What happens when alternative culture is co-opted by the mainstream?

David Foster Wallace may have been one of the most outspoken cultural critics to point out that although at one point irony was a powerful weapon of artistic response, especially in the 60’s and 70’s when trust in establishments such as the government seemed especially misplaced, irony has since become so mainstream it is now necessary in the creation of art simply in order to achieve acceptance. To imply your cultural complicity.

Sukhdev Sandhu, another cultural critic, refers to the same in an essay on music in which he describes the trajectory of critically acceptable music. The sentimentality and ‘schmaltz’ of earlier musical periods has been replaced in the recent past with the idea that music’s value is defined more by its ‘realness’ and ‘truth.’ Scholarly writing on music today looks for neophilia, an illustration of the musician’s subcultural awareness, or, as in Wallace’s take on irony, resistance towards the mainstream. Emotion, ‘yearning,’ as Sandhu says, is rejected, critical acceptance being reserved for the alternative.

The problem?

The alternative has now become the mainstream.

We’ve reached a point in Western culture at which everything we once viewed as revolutionary or anti-establishment has become the establishment.

Sure irony was once a culture’s useful critique, a tool to “Lay waste to corruption and hypocrisy,” to respond to the vapidity of US culture. Certainly, the emergence of ‘alternative’ music in the late 20th century; the anarchic sound of the Sex Pistols or the vocalization of a marginalized subculture in early West-coast rap, served as a much needed dose of reality in a world whose popular music had for too long been dominated by the majority.

But imitating the revolutionary work of a Thomas Pynchon or a Robert Rauschenberg or recreating the sound of 2Pac or the Ramones isn’t, in and of itself, grounds for artistic acceptance. A groundbreaking new way of making art is groundbreaking in its novelty. When the work is recreated, the revolution is over, and, well, you get where I’m going.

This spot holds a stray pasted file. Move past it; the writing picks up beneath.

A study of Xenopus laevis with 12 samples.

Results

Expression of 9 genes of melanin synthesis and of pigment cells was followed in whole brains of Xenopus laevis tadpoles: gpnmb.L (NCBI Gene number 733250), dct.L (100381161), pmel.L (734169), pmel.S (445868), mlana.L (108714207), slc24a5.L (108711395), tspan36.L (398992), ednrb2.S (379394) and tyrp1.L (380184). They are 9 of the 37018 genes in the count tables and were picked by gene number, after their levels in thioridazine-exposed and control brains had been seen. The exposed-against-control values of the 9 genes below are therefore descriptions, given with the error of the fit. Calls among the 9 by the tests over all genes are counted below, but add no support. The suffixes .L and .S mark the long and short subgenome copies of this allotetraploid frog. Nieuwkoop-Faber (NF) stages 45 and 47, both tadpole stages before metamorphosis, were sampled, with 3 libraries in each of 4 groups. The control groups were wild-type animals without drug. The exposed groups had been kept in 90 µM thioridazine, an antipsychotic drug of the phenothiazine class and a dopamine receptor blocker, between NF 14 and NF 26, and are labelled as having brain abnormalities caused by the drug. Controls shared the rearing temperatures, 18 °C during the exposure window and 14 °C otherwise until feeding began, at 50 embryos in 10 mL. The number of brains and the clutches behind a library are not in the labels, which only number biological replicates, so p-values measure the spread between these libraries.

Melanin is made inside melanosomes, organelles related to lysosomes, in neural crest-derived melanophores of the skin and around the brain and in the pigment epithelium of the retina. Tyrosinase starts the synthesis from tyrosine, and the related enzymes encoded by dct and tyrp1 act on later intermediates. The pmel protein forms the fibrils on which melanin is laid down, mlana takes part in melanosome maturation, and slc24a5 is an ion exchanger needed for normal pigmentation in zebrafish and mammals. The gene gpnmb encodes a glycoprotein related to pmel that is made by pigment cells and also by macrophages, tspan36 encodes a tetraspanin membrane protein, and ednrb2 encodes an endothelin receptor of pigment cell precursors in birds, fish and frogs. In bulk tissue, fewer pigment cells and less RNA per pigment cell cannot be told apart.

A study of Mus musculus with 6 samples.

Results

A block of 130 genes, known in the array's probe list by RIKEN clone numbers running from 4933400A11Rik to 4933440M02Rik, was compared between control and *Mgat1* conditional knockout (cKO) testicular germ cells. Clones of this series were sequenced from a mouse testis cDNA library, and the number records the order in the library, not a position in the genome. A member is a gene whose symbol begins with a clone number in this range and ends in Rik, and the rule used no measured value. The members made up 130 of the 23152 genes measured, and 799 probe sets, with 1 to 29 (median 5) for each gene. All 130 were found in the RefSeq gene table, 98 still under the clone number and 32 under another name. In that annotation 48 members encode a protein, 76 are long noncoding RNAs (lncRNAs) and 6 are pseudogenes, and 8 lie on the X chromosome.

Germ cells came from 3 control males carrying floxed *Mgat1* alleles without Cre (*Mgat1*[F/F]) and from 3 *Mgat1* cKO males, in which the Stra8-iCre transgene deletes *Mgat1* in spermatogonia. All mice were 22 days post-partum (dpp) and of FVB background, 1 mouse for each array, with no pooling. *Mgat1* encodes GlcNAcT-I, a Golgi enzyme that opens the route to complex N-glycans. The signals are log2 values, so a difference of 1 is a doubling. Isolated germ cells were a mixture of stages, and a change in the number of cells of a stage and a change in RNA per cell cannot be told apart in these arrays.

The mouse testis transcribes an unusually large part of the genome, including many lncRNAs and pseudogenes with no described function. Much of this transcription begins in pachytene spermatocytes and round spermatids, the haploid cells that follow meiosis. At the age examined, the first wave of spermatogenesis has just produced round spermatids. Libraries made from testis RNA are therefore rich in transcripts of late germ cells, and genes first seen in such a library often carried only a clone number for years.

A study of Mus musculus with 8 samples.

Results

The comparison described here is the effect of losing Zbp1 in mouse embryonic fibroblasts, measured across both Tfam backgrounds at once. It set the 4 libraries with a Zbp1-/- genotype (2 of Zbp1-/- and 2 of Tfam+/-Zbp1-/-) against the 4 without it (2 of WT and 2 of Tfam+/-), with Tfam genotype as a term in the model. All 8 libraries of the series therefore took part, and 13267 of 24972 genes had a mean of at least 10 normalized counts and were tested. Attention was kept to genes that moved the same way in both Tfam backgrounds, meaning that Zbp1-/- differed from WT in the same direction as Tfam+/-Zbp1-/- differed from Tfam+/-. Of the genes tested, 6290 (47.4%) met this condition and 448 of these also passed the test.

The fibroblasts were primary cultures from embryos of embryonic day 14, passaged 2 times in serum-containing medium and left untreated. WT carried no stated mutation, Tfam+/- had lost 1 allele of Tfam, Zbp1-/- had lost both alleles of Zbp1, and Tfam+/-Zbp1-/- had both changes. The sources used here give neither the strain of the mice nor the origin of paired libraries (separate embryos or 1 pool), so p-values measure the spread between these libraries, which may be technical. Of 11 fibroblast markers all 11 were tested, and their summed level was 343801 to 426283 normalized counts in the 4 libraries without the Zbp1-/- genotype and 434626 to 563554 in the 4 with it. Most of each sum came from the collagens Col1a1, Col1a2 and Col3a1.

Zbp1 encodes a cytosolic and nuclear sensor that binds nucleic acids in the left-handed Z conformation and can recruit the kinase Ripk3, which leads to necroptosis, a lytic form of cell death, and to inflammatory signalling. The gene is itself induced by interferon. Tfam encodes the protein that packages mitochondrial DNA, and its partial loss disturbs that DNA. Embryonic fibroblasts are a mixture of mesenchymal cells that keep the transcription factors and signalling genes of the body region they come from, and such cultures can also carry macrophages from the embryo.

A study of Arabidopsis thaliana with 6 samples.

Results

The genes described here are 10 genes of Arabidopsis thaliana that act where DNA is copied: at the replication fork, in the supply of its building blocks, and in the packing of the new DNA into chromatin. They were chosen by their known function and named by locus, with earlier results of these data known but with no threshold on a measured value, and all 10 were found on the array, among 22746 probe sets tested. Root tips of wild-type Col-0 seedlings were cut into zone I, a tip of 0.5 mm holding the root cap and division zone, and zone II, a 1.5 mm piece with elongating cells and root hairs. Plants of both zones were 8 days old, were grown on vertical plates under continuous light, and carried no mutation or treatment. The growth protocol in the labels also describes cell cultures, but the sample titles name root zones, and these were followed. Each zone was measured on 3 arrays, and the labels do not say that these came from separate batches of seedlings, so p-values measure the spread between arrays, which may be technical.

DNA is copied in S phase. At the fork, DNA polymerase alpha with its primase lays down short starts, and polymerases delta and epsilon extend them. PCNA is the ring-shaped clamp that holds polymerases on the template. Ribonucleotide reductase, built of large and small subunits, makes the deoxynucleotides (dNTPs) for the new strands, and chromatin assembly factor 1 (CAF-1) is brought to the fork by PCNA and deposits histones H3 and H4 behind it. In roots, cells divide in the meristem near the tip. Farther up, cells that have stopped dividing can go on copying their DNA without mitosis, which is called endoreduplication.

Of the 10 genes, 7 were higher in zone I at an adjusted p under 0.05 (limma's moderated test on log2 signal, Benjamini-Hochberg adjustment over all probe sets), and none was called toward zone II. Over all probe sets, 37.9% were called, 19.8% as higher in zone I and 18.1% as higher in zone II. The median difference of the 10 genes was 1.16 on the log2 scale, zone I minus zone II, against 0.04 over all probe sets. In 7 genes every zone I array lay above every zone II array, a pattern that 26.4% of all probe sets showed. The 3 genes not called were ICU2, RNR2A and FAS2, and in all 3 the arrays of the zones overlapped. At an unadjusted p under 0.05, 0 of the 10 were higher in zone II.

Robert Rauschenberg - Untitled, 1963
Robert Rauschenberg – Untitled, 1963

When Mike Will Made It produces Miley Cyrus’s albums. When LA’s Hammer Museum produces a show of artists who practice institutional critique. When upper middle-class teenagers wear GG Allin t-shirts….

The ‘alternative’ has lost its definition.

David Foster Wallace:

And herein lies the oppressiveness of institutionalized irony, the too-successful rebel: the ability to interdict the question without attending to its subject is, when exercised, tyranny. It [uses] the very tool that exposed its enemy to insulate itself.

Whether its irony or some other form of cultural critique in art or music, when something becomes what is expected, we stop trying. When artists, I’ve heard the example of Richard Phillips, can create insincere art contributing nothing new to the conversation, and we are more or less asked accept it at face value ‘because it’s ironic,’ we’ve begun the gradual destruction of an intelligent culture. We’ve stopped asking questions and we’ve stopped having to explain ourselves, assuming, because we are perpetuating cultural norms, our work is self-evident and valid in its own right.

phill-2012-0008-web

And irony (insert other culturally acceptable means of expression here) means safety.

So what’s next?

In short, the risk of failure. The risk inherent in creating art that is different and perhaps in direct contrast to what the art world has been trained to accept. Risk being labeled sentimental or ‘full of conviction.’ And perhaps the idea of good art can move past irony into sincerity into an art that can ‘open possibilities for the future’ instead of wallowing in its own nihilism and irony. After all, being right is the opposite of being original. You can’t be both.

The move in music criticism towards acceptance and the well-argued and well-defended justification of divergent musical styles once considered inauthentic, naive or simplistic, is a start. When other art forms, visual art in particular, can begin to ask the same of its critics, perhaps a new kind of artist will again grace the spotlight and the age of an absolute which requests the ironic or the rebellious before originality and authenticity can be granted, will be over.